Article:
MAIDUGURI, Nigeria — Islamic extremists made Imana Alhaji Gana’s village in northeastern Nigeria too dangerous for health workers to vaccinate against polio. Now that she and her family have fled to a displacement camp, those workers want to catch her children in time.
Here in the camps housing thousands of families seeking safety from the extremists, health teams are going from tent to tent, inoculating youngsters against the disease that withers limbs and disables children for life.
At first, Gana is afraid to let the outreach workers vaccinate her baby. Eventually they persuade her that the three-week-old child is not too young for immunization, which can take place as early as the day of birth.
The complicated fight against polio is yet another way the Nigeria-based extremist group Boko Haram has disrupted life in the northeast, leaving children vulnerable to an entirely preventable disease.
“When such children come to the camps or host communities they become a threat to other children,” said Almai Some, the field coordinator in Borno state for the vaccination campaign run by Rotary.
Some of the families arriving are from areas where polio vaccinators have not been able to visit for as long as six years.
Boko Haram’s insurgency began in Maiduguri, Borno state’s capital, but its reach has expanded beyond Nigeria’s borders to neighboring Niger, Chad and Cameroon. Its violence has proved to be a major setback to the international campaign against polio.
Nigeria is one of just three countries where polio is endemic and has not been eliminated, along with Pakistan and Afghanistan. The final phase to wipe out polio is “proving to be extraordinarily difficult” because “the poliovirus is surviving despite all the good work and in the face of everything that is being thrown at it,” said a WHO-appointed monitoring group at the end of last year.
In Nigeria, there is little or no surveillance data in Borno state, and “unless there is a breakthrough to reach those areas in Borno, the entire polio (eradication) program is at risk,” said the monitoring group. Nigeria had other outbreaks last year including cholera, hepatitis, monkeypox, Lassa and yellow fevers, showing the challenges to the country’s health care system. Globally the campaign to eradicate polio has been faced with outbreaks last year in non-endemic countries like Congo and Syria.
The World Health Organization had declared Nigeria polio free in September 2015 after it went a year without any new cases. But in 2016 — after two years with no cases — fresh polio cases broke out in three locations in Borno state. No new cases were reported in Nigeria in 2017 or so far this year.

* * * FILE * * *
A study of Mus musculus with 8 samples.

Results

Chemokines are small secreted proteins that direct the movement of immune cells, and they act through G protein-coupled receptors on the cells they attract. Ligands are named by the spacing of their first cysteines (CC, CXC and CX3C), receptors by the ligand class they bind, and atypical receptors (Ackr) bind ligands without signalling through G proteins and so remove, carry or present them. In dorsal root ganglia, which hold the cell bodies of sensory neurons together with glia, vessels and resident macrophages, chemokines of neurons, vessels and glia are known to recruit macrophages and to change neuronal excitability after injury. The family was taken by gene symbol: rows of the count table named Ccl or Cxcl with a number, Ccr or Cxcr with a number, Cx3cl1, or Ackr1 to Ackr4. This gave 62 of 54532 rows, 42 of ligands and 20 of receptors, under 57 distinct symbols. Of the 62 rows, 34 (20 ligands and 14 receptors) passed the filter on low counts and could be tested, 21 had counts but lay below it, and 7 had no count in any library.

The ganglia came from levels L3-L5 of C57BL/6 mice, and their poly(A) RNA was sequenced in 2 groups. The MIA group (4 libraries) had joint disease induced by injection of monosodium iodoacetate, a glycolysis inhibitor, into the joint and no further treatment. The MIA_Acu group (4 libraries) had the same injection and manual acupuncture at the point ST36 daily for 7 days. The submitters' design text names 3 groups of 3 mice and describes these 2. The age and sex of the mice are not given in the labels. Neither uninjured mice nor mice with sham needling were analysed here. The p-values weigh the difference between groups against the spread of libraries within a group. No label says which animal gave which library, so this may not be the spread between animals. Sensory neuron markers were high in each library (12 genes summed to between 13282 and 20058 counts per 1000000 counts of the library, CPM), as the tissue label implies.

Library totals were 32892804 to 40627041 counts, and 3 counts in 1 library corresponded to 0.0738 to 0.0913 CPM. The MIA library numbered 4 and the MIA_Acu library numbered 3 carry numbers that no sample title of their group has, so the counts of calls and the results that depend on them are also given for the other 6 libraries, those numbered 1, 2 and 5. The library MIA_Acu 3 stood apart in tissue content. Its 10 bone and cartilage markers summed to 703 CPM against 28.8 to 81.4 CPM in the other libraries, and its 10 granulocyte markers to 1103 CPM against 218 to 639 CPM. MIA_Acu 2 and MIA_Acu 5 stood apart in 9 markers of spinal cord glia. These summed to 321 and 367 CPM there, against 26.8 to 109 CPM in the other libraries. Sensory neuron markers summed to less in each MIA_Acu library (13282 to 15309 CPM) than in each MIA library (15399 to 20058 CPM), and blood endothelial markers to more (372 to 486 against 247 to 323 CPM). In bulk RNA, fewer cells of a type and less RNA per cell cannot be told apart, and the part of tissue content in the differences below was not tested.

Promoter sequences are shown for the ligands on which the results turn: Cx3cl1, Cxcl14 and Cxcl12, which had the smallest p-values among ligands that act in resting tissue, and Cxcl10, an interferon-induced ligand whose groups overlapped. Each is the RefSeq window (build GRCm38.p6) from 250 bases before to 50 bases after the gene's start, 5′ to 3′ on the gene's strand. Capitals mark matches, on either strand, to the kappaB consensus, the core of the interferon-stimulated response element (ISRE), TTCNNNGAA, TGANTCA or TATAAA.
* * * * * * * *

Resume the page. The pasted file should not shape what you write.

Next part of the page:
Now the WHO says it will be spending $127 million toward eradicating polio in Nigeria between 2018 and 2019. Rotary’s program is helping that effort by targeting some 2.1 million children in 24 accessible local governments. But there are still three areas in Borno state that are not included because of ongoing instability: Kala-Balge, Marte and Abadam. For those unreachable areas, the vaccinators train Nigerian soldiers in how to administer the vaccines.
In a few cases, villagers have reported being threatened by Boko Haram fighters to avoid the polio vaccine. And in 2013 a number of vaccinators were attacked and killed by the extremists, leading some of their colleagues to disguise their vaccine carriers or hide them under their hijabs.
In addition to the threat posed by Boko Haram, some communities are still fearful of the polio vaccine after years of misinformation that it can cause sterility and other health problems.
“Many people now accept the vaccine against polio, but there are still more cases of rejections here and there and we are doing our best to tackle them,” said Digma Zubairu, district head in Shehuri-North.
Falmata Kolo, a 21-year-old volunteer with Rotary’s outreach program Polio Plus, said she works to reassure people that the vaccinations are safe.
“I also tell them should your child contract polio and grew up to understand that his or her parent had a chance to prevent the disease but failed, the child would never forgive the parents,” she said. “This kind of message actually spurs many mothers to offer their kids for the vaccine.”
Fatimah Muhammed, a 45-year-old mother of six, says parents should accept the vaccine.
“Today we have children that had taken the vaccine some 15 years ago who are married and are even having children of their own,” she says. “So my advice for my fellow mothers who have kids under the age bracket (6 years old) to get them to take the vaccine because it is good.”